Thomas Sowell


Seldom has so much wisdom been packed into such a small book -- part autobiography, part editorial, part history, part grand philosophy and all American. If one gave gifts on the Fourth of July, this would be the kind of gift to give. Perhaps it would be an appropriate gift to some young person heading off to college, where clever but shallow academics will try to convince him or her that this is a terrible country.

This book even contains a word seldom used among today's intellectuals -- or non-intellectuals: "gratitude." It closes with a recitation of all the good things that came Podhoretz's way because of being an American, beginning with the English language and its cultural riches that helped shape his life.

Norman Podhoretz has been so long identified as the editor of "Commentary" magazine that some may find it surprising to discover that he did not create this premier intellectual publication himself. Now retired and approaching the biblical threescore and ten years, Podhoretz looks back on his life and on the life of the country to which his parents immigrated early in the 20th century.

Born in a Brooklyn tenement during the Great Depression, Norman Podhoretz grew up in what would today be considered poverty, though he never realized that he was poor until long after the time when it might have soured or crushed his spirits. Instead, as his life unfolded, he marveled and gloried in the things that a poor boy with immigrant parents could do in this country.

As he went out into a wider world, especially as an enlisted man in the army, Podhoretz marveled at the American people themselves. And he defended them fiercely against shallow and arrogant intellectuals in other countries -- or at home.

Although "My Love Affair with America" celebrates this country, its author does not confuse the United States with Utopia. On the contrary, he regards the pursuit of Utopian ideas as contrary to the whole spirit of American society and the American system of government.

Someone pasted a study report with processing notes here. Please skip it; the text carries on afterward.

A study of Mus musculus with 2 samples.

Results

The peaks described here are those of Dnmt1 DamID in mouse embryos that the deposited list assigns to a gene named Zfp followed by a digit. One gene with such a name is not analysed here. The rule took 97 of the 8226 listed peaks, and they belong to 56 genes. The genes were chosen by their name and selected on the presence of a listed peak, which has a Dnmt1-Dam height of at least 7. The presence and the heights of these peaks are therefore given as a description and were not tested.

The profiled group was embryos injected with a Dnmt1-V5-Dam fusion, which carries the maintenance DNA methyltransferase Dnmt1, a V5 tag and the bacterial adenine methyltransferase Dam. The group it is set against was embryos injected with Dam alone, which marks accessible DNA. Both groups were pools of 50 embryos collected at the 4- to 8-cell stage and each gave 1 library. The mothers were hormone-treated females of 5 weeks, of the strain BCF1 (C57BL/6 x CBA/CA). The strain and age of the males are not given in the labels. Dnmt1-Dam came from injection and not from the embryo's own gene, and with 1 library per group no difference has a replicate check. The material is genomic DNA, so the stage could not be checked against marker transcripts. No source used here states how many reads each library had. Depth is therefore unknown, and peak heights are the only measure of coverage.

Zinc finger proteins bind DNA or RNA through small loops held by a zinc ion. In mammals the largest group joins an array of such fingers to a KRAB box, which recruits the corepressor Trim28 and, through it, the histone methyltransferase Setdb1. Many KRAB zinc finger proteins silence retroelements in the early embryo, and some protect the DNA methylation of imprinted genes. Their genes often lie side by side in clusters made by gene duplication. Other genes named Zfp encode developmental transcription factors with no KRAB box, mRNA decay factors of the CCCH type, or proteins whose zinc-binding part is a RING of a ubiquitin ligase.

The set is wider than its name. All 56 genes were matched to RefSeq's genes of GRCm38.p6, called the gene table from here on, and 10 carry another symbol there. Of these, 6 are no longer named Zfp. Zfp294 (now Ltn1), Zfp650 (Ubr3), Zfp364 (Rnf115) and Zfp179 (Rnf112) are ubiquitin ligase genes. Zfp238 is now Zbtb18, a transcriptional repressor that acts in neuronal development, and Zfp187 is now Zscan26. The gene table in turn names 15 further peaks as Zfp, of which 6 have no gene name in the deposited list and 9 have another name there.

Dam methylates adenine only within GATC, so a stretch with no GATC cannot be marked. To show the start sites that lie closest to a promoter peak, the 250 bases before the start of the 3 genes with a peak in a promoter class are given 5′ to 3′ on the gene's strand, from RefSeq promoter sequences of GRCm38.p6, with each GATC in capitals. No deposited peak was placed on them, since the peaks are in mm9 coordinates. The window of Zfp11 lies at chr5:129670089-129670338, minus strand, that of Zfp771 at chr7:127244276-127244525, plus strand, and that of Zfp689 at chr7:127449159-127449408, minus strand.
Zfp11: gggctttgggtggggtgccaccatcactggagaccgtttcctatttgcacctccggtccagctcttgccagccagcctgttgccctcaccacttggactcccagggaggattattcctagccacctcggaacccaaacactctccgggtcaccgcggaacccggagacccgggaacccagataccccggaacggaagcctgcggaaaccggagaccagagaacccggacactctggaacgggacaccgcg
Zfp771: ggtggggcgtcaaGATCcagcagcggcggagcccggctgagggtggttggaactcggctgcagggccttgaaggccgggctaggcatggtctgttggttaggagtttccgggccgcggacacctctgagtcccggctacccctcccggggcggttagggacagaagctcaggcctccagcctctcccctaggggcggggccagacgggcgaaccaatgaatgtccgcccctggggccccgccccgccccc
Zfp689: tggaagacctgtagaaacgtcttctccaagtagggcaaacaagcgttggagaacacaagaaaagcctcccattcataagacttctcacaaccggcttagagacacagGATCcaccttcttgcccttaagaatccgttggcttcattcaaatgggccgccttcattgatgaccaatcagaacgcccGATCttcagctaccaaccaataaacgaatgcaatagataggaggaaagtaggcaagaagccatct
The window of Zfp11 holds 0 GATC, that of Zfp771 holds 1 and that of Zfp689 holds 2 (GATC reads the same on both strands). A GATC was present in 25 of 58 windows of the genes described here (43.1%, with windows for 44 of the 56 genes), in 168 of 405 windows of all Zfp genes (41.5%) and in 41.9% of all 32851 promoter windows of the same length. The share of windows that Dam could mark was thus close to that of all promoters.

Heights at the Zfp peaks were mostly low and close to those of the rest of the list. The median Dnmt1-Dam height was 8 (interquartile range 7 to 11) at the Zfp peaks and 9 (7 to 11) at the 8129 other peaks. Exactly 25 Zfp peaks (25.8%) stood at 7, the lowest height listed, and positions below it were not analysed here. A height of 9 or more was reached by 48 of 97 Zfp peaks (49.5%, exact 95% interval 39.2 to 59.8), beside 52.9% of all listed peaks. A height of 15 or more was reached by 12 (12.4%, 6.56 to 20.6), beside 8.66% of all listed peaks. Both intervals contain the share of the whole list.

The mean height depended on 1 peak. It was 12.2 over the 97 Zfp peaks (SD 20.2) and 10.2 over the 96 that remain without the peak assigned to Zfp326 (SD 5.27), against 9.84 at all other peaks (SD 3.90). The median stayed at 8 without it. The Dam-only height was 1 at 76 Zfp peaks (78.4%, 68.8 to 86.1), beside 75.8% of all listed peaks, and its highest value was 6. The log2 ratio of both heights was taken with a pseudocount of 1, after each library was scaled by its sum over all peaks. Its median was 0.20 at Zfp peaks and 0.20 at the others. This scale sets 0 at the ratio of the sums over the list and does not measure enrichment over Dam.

Podhoretz's love of America is like the love for members of one's family -- a love that denies none of their blemishes, but cherishes them nevertheless as human beings dear to one's heart. His book, however, is also an intellectual defense of the United States as entitled to "a place among the very greatest of human societies."

The way he makes this comparison speaks volumes about how different his moral framework is from that of most intellectuals. Podhoretz compares America to other societies of human beings -- not to some abstract ideal. His comparison recalls another book by another son of the Brooklyn ghetto -- black talk-show host Ken Hamblin, whose book was defiantly titled "Pick a Better Country."

"My Love Affair with America" is not just a backward-looking book. It is passionate about the present as well.

Podhoretz argues fiercely that today's immigrant children should have the same opportunity he had to learn the English language and have the whole vast world of its intellectual treasures open to them, from science to literature, rather than being trapped in a linguistic ghetto misnamed "bilingualism" for the benefit of ethnic hustlers.

Equally fiercely, "My Love Affair with America" argues against the role of the Supreme Court in dismantling the Constitution for the sake of its own pet policies. Nor are today's American people spared, for "gratitude went out of fashion" and "its, opposite, constant complaining, which had formerly been regarded as unseemly, took its place as a virtue."

He quotes black novelist Ralph Ellison, who said that his people were heirs to an "American tradition which abhors as obscene any trading on one's anguish for gain and sympathy." Describing himself as a "cheerful conservative," Norman Podhoretz refuses to let the things that have gone wrong in this country discourage him about its future. He is himself one of the many things that have gone right.

JWR contributor Thomas Sowell, a fellow at the Hoover Institution, is author, most recently, of The Quest for Cosmic Justice.